A friend invited me to go to the Taste of Lexus event in Alameda. This is a travelling showroom where Lexus displays its latest models, complete with courses where you can take them for a spin. I normally am not too good at writing reviews; I’ll ignore features others consider revolutionary and gush over features others may not consider all that important. In this case, I have a few specific criticisms to make, and thus the review.
All of the cars I tested were solidly put together. That is, body flex and roll was mostly unnoticeable, with the exception of the hybrid SUV. I’ll return to that later. Road noise was incredibly reduced, a contrast especially noticeable when you are standing near the track and hear one go by. The interiors were all well appointed, but in most cases designed for shorter people.
My first criticism is for the SC430 convertible. This car pretends to seat four, but one look at the rear legroom makes it obvious that the rear seats are only for decoration. (The back of the front seat was actually touching the front of the rearseat. Sure, you could fit someone back there with the aid of a Sawzall, but then you’d absolutely ruin the leather.) To make things worse; this also means that you will never be able to take this car on a Bay Area “3 persons required” carpool lane. Lexus should lose the rear seat entirely, and find some way to add the reclaimed space to the trunk.
Next, the GS450h hybrid SUV. Thanks to hybrid technology, this vehicle has gas mileage numbers in the 20s. What I liked most was a small display in the dash that graphically illustrated the flow of power as waste energy was reclaimed from the breaks, or directed toward the engine. I generally have a dim view of SUVs, considering them the vehicle of choice for people with minimal driving skills. Given the higher center of gravity, I drove the GS much more conservatively than the other vehicles. In spite of this, the traction control light was still happily winking at me from the dash. Personally, I prefer driving a vehicle that’s capable of moving me around an obstacle instead of keeping me safe as it boldly plows through the obstacle. (This is not a criticism of GS, it is a criticism of SUVs in general.)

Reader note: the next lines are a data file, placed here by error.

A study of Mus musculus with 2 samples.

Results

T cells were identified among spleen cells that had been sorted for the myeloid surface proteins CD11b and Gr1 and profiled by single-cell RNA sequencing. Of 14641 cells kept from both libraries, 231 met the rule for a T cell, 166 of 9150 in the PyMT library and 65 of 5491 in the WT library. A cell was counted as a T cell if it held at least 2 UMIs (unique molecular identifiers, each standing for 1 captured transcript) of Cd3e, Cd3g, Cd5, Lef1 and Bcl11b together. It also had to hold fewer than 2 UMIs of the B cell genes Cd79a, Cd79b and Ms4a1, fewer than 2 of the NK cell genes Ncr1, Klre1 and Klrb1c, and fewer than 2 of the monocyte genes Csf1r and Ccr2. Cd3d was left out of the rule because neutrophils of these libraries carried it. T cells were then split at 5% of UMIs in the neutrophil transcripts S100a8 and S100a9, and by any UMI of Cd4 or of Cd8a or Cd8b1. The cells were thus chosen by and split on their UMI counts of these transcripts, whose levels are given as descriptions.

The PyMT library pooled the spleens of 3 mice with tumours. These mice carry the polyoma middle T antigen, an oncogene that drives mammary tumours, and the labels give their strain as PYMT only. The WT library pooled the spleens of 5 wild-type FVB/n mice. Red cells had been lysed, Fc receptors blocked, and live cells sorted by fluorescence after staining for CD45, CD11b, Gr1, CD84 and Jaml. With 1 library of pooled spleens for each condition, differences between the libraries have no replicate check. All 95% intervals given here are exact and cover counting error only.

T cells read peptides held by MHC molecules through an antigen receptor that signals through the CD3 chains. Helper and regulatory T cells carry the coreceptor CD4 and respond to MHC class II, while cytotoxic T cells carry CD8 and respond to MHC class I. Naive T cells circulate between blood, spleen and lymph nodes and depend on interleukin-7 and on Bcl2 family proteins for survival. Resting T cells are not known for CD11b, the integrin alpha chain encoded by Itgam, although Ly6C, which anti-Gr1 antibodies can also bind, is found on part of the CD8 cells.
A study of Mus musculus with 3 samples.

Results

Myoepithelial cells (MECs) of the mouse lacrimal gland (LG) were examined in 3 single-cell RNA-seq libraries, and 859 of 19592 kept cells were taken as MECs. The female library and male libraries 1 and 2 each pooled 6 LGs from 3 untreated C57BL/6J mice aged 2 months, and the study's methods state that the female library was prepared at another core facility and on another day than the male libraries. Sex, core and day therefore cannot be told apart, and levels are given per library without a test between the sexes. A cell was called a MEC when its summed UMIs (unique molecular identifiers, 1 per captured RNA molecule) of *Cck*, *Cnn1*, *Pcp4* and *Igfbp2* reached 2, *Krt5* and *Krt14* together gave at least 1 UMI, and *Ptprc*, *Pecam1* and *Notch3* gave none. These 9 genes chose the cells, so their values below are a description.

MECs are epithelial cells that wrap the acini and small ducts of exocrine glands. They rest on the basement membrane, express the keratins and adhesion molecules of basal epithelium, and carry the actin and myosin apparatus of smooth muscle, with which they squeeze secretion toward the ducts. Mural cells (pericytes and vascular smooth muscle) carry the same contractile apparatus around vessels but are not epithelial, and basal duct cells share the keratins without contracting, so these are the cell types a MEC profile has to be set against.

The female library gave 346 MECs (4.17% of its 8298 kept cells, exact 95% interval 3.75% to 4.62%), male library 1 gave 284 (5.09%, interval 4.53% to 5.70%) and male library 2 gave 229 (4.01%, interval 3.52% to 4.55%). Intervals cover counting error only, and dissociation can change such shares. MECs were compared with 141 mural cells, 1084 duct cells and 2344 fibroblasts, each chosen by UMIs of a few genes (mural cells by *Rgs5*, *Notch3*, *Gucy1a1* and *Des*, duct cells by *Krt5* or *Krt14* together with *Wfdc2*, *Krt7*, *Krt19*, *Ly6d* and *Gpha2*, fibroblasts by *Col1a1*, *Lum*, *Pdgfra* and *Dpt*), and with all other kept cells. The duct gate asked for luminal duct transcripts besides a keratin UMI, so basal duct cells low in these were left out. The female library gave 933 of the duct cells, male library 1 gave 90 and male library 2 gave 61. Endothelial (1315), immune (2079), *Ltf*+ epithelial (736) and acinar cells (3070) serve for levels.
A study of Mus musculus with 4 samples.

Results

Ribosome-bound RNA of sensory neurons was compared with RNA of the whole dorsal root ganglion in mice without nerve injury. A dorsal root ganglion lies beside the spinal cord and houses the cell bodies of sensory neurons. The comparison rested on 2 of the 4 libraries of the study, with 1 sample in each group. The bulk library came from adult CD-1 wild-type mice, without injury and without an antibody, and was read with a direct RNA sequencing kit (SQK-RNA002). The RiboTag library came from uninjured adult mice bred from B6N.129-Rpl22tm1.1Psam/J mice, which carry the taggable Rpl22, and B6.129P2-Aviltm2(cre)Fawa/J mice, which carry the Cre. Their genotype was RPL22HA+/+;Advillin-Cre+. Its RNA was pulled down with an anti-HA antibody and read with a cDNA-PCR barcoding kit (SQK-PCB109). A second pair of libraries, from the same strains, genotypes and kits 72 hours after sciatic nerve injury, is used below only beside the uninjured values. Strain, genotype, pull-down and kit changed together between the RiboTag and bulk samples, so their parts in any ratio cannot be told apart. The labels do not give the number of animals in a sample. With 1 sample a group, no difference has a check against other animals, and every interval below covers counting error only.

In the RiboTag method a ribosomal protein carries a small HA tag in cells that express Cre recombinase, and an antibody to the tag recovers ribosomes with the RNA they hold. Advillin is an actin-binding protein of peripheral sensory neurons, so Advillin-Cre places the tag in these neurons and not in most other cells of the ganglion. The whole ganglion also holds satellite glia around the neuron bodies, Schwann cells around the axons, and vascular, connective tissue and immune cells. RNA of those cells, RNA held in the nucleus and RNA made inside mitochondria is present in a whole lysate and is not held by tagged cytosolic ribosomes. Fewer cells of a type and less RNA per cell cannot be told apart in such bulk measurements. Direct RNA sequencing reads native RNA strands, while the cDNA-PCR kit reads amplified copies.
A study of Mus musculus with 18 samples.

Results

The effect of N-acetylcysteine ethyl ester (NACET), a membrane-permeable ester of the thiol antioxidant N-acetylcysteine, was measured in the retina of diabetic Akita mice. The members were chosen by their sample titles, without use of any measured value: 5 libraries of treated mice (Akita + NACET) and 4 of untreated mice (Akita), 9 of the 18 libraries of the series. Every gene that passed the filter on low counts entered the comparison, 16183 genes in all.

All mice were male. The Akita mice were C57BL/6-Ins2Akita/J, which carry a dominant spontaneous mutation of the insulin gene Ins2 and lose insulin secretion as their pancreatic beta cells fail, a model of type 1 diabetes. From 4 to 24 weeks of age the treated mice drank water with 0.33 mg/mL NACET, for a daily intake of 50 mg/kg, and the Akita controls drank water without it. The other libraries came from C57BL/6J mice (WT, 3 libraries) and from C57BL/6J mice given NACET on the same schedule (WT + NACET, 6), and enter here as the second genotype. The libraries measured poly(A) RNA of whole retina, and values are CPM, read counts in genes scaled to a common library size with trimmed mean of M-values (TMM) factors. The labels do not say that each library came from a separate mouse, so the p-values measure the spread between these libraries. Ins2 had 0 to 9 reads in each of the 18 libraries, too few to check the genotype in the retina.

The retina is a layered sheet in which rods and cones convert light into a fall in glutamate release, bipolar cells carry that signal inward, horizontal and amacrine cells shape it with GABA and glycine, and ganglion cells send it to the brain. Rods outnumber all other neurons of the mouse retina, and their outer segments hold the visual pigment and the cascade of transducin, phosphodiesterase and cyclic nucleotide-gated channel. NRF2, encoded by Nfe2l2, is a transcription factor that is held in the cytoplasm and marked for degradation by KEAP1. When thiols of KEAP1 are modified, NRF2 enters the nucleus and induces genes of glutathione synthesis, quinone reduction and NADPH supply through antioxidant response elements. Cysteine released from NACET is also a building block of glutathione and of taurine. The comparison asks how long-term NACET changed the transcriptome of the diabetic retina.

The final Lexus car I’d like to comment on is the IS350. This is the go-fast sports sedan with paddle shifters and a 0-60 acceleration time under 6 seconds. I was not impressed by the paddle shifters; they seemed unresponsive and, thanks to their rotating with the wheel, often out of position. Acceleration was acceptable; even though the transmission seemed to shift too early. Some of this may be due to my unfamiliarity with the system, but it is still unsatisfying compared to a manual.
My overall perception is that these cars are aimed for the luxury buyer but not for someone who loves driving. They are also designed for short people, as the SC convertible was the only vehicle that I could enter without having to carefully work my knees under the steering wheel. Would I buy one for myself? Unlikely. Would I recommend them to friends? Of course.